Archetypal Imagery

Imagery has likely existed for longer than we have had the language or intelligence to describe it.

Before expanding on this, first we must understand the distinction between “imagery”1 and “symbols”. Hieroglyphs are not what is meant by imagery; hieroglyphs convey explicit and objective meaning. Imagery is distinguished by its contextual importance as a means of understanding something abstract.

Larks' Tongues in Aspic, cover art

Some examples of imagery are:

  • the tree of life
  • serpents (e.g., ouroboros, caduceus, or deceptiveness)
  • flooding (and towers)
  • the moon overlaying the sun
  • the Self (Jungian sense — Christ, the All, the philosopher's stone)

All of these images have the common theme of conveying things that perhaps even lack words to fully describe them, and yet they cross the boundaries of time, culture, and experience very effectively.

The unconscious mind can be divided further into the collective unconscious and the personal unconscious, the distinction here being experience overlaying and shaping our view of what is collectively understood.

What singularly defines us as a species is the individual narrative that we are able to extract from what resides purely in the unconscious for all other species. Our minds are built for storytelling, and are constantly perfecting a collection of completely new imagery alongside that which is inherited. This process is critical to building a framework of understanding for things which we don’t even necessarily understand literally. It is the basis of our capacity for pattern recognition (which is the foundation of all intelligence), and is on some level akin to seeing the future.

Tower of Babel, Pieter Bruegel the Elder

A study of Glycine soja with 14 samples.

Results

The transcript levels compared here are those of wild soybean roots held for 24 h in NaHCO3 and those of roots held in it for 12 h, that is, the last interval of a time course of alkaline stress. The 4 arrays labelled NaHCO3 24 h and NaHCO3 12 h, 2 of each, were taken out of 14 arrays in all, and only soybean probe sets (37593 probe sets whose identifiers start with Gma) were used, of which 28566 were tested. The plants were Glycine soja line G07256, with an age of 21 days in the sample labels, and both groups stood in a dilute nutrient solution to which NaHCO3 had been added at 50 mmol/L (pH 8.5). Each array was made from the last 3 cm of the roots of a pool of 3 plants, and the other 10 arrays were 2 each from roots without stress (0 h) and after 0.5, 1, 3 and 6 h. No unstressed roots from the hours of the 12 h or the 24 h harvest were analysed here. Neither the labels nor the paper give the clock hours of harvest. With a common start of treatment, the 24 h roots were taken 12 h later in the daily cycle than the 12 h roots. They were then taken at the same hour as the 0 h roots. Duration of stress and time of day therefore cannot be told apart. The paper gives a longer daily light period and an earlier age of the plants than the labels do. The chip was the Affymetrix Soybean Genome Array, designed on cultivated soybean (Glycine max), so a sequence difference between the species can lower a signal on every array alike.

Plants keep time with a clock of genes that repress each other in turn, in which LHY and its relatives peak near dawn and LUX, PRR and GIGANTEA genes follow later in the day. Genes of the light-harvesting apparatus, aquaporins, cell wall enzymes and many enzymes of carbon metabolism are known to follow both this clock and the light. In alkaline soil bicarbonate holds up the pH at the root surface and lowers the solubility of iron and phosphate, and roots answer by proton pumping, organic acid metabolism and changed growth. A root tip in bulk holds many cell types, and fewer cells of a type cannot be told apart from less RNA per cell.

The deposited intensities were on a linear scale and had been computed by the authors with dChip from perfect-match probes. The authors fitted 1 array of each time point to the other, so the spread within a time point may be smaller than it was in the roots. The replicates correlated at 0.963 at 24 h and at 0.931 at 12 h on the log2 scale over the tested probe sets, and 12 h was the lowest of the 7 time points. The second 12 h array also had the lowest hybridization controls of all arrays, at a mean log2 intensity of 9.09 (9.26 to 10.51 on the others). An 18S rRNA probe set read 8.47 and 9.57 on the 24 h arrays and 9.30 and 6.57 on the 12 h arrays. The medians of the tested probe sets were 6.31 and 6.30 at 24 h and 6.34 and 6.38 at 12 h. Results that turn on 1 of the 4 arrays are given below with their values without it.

source: Google Art Project

The industrialized world has brought with it a large amount of pressure to repress the subjective and rely exclusively on an empirical understanding of the world, even where there exists no empirical means of evaluating something. In unhealthy individuals the conscious mind rules with a heavy hand over the unconscious, crippling it for all practical purposes. Yet, when the unconscious is brought to light2 and synthesized alongside the conscious mind, there comes a remarkable sense of clarity of the world and in decision making.

Special attention should be given for imagery which is manifested of the personal unconscious and is of contextual importance. Dreams are of particular interest here, as they are arguably the most effective window into aspects of our existence that we choose to ignore. Often aspects of one’s self and their surroundings are found too difficult to confront directly. Narratives which we prevent our conscious mind from enacting will boil indefinitely until correctly integrated. This is the source of virtually all regret.

Act on the stories your mind creates; its awareness extends beyond conscious reality.

1. Note that I prefer to place emphasis on "imagery" as opposed to Jung's preference for "archetypes". I believe that the modern usage of "archetype" (typical, ideal, rather than foundational) does not communicate the intent well, despite an archetype itself being superordinate and unbound to any image representation of it.

2. The distinction between sunlight and darkness definitely precedes spoken language.